Byline: Jeff Siegel

NEW YORK — A state court judge has dismissed charges by the former chief financial officer of The Donna Karan Co. that the fashion house was guilty of slander and fraud when it fired the executive in April 1994.
In an 18-page decision, however, Justice Walter M. Schackman ruled that the executive, David M. Golden, was entitled to two months’ salary, or roughly $53,000, on a breach of contract charge.
Golden sued his former employer, plus company principals Donna Karan, Stephan Weiss, Frank Mori, Tomio Taki and Takihyo Inc., for $60 million last May, claiming he was illegally fired for disclosing negative financial information about Donna Karan Co. to lending institutions and for refusing company requests to conceal the company’s true financial condition by inflating sales figures and hiding from auditors a $1 million invoice.
Donna Karan Co. denied the charges and alleged in a countersuit that Golden was fired for his “dereliction of duty and gross negligence” in preparing a contingency plan involving the placement of debt.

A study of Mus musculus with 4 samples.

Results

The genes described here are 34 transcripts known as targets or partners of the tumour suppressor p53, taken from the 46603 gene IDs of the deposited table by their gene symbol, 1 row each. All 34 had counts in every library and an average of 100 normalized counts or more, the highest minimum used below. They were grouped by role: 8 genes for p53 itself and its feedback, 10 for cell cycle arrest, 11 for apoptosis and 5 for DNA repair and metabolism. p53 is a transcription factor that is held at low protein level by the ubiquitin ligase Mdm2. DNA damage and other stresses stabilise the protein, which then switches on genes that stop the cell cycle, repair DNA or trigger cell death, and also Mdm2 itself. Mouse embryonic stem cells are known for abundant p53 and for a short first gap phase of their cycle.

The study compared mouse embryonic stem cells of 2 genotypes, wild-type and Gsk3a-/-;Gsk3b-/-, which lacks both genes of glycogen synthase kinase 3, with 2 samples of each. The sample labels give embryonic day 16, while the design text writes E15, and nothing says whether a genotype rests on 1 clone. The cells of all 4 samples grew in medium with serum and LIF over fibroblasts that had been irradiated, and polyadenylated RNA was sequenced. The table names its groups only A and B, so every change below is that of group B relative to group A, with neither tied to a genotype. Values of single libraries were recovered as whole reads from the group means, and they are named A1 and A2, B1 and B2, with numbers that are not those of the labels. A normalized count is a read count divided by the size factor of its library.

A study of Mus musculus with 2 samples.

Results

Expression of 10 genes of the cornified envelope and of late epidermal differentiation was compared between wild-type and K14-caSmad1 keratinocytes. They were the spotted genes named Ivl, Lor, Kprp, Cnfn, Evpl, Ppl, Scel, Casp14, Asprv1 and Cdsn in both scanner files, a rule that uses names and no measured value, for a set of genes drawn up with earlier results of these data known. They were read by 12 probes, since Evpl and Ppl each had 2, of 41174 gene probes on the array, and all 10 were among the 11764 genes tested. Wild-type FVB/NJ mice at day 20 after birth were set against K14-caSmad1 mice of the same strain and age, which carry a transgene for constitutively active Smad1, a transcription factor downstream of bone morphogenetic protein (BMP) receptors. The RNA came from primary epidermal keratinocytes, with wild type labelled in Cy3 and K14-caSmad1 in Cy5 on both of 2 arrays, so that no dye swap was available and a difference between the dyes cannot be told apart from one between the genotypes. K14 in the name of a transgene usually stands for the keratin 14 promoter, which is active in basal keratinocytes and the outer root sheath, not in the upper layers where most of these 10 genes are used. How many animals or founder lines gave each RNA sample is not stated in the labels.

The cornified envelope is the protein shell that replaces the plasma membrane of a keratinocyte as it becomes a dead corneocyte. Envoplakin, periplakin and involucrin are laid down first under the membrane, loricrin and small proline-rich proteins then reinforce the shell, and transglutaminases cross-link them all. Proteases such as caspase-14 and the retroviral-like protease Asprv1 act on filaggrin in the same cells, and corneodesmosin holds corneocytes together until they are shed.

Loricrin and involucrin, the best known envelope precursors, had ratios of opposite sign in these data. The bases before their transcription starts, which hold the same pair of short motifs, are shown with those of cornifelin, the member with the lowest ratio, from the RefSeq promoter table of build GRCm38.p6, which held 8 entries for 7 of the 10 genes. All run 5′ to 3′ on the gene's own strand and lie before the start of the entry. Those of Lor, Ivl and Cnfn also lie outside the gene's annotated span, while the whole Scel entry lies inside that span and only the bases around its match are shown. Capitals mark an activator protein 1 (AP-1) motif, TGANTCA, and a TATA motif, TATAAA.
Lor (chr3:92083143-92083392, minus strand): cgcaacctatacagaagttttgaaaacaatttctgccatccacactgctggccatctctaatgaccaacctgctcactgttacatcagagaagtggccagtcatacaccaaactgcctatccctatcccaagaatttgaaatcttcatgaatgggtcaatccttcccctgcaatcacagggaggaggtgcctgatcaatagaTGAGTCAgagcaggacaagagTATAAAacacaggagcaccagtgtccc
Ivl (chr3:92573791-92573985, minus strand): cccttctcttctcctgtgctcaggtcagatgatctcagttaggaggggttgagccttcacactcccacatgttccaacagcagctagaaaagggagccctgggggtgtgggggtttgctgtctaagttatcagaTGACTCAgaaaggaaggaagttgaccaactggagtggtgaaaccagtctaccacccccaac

Golden’s charge of slander in the Manhattan State Supreme Court suit, stemming frombeing escorted by five security guards from Donna Karan’s offices to his own office a block away the day he was fired, was dismissed. Justice Schackman ruled that “the mere escorting of [Golden]…could not have been a defamatory communication to the casual observer” because a casual bystander could not have known the reason for Golden’s termination.
On the fraud charge, relating to Golden’s assertion that Karan lured him away from Hugo Boss by misrepresenting the company’s financial condition and promising him an equity stake, Justice Schackman wrote that Golden’s claims “do not support a claim for fraud since the oral promises were not enforceable and no justifiable reliance could have been placed thereon.”
Golden’s attorney, Mel P. Barkan, said Golden is weighing an appeal. A spokesman for The Donna Karan Co. said, “We believe the judge’s decision speaks for itself.”